Victoria Beckham has expanded into beauty with the launch of a new makeup collection at London Fashion Week that is targeted at the wellness market.
The brand will not use parabens or sulphates, with secondary packaging made from 100 per cent post-consumer waste.
The designer also presented a line for "women in motion" at her show on Sunday (Sep 15), choosing a light and fluid silhouette for the female wardrobe next spring.
With her husband David and their children watching from the front row, Beckham said the spring/summer 2020 collection highlighted her love of contrasts, mixing tailored suits with floaty dresses and pale neutrals with bold colours.
The former Spice Girl turned designer opened the show with sharp trouser suits in check, cream or light colours.
The outfits were layered: jackets or coats over large-collared shirts, which nodded to 1970s styles, with the latter on top of rollneck tops. Trousers were long, straight and high-waisted.
Dresses came in purple, yellow, green, bronze, black and softer colours, and were cut in various styles: from halterneck and asymmetric to low-cut and long-sleeved. Most had feminine ruffles on the neckline, shoulders or waist. Some had floral patterns.
"Lightness, easiness, freedom. Those are the ideas I was thinking of for this collection. It's about dynamic women today, women in motion," Beckham said in show notes.
"Controlled and free, living life, reality and believability. There is always a duality in women, moving between different ideas, different moods. I want clothes that move with a woman, that move with her life."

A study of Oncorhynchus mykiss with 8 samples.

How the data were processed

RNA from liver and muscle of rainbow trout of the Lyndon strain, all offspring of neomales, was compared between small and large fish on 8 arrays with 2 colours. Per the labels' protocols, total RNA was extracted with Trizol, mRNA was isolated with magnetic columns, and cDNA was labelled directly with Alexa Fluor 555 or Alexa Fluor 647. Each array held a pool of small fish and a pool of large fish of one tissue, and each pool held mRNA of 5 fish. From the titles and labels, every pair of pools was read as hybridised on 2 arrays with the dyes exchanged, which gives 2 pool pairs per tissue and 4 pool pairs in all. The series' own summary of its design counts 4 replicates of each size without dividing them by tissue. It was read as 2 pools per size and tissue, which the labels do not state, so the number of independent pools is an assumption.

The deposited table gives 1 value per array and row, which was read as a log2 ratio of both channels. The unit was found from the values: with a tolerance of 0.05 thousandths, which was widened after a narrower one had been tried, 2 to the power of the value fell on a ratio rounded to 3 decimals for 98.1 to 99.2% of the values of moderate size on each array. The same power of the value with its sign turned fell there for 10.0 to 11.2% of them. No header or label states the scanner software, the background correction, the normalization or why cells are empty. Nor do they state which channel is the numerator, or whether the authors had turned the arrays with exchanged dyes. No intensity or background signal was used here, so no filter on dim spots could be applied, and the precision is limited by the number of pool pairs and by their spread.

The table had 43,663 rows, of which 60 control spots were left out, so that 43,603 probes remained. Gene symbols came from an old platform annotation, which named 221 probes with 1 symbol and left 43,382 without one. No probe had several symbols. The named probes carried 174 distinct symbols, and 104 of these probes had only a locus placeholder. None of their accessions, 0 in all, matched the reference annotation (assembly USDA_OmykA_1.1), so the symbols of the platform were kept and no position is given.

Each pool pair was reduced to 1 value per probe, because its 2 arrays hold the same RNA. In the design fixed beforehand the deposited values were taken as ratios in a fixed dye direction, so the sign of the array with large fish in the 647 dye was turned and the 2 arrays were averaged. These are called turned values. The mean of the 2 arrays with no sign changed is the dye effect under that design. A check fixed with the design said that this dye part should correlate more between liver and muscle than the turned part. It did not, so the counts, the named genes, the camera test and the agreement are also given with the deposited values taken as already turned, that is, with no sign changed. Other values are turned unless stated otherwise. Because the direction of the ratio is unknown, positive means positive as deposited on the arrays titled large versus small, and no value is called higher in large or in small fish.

Beckham also had dabs of prints in the collection – floral or scribbled-like handwriting.
Skirts were calf-length, pencil-shaped and slit at the front and sides, adding to the sense of fluidity. Beckham also put ruffles on shirts. Accessories included floral neckpieces, large brown sunglasses and colourful heels in purple, turquoise and other bold shades.
Ahead of the show, around 30 demonstrators from climate activist group Extinction Rebellion staged a protest outside the venue, the Foreign and Commonwealth Office, seeking to draw attention to the fashion industry's impact on the environment.
Holding banners reading "Fashion shouldn't cost the Earth" and "The Ugly Truth About Fashion", the protesters gave speeches chanted slogans like "Fashion equals ecocide" and "Repair Rewear Rebel".
While walking to the venue, the protesters temporarily stopped traffic on the way while grouping on a main road for a few minutes at a time.
Extinction Rebellion, which has staged protests in recent months calling for action to tackle climate change, had called on London Fashion Week organisers to cancel the five-day industry event where designers are unveiling their latest womenswear lines.
At the Friday opening, a small group of its activists glued themselves to a door of the main Fashion Week venue and poured out a "bleeding" red carpet.
Earlier on Sunday, Japanese influences prevailed on the Preen by Thornton Bregazzi catwalk, where models wore tops with Manga comics prints and floral dresses.
Preen designer duo Justin Thornton and Thea Bregazzi opened the show with black and white looks before presenting an array of pastel-coloured lace, silk and see-though ruffled frocks.
Dresses came in an array of lengths and styles - frilly, layered, floaty, with puffed up sleeves, slits or slim-fit and in bright colours or floral prints.
London Fashion Week ends on Tuesday.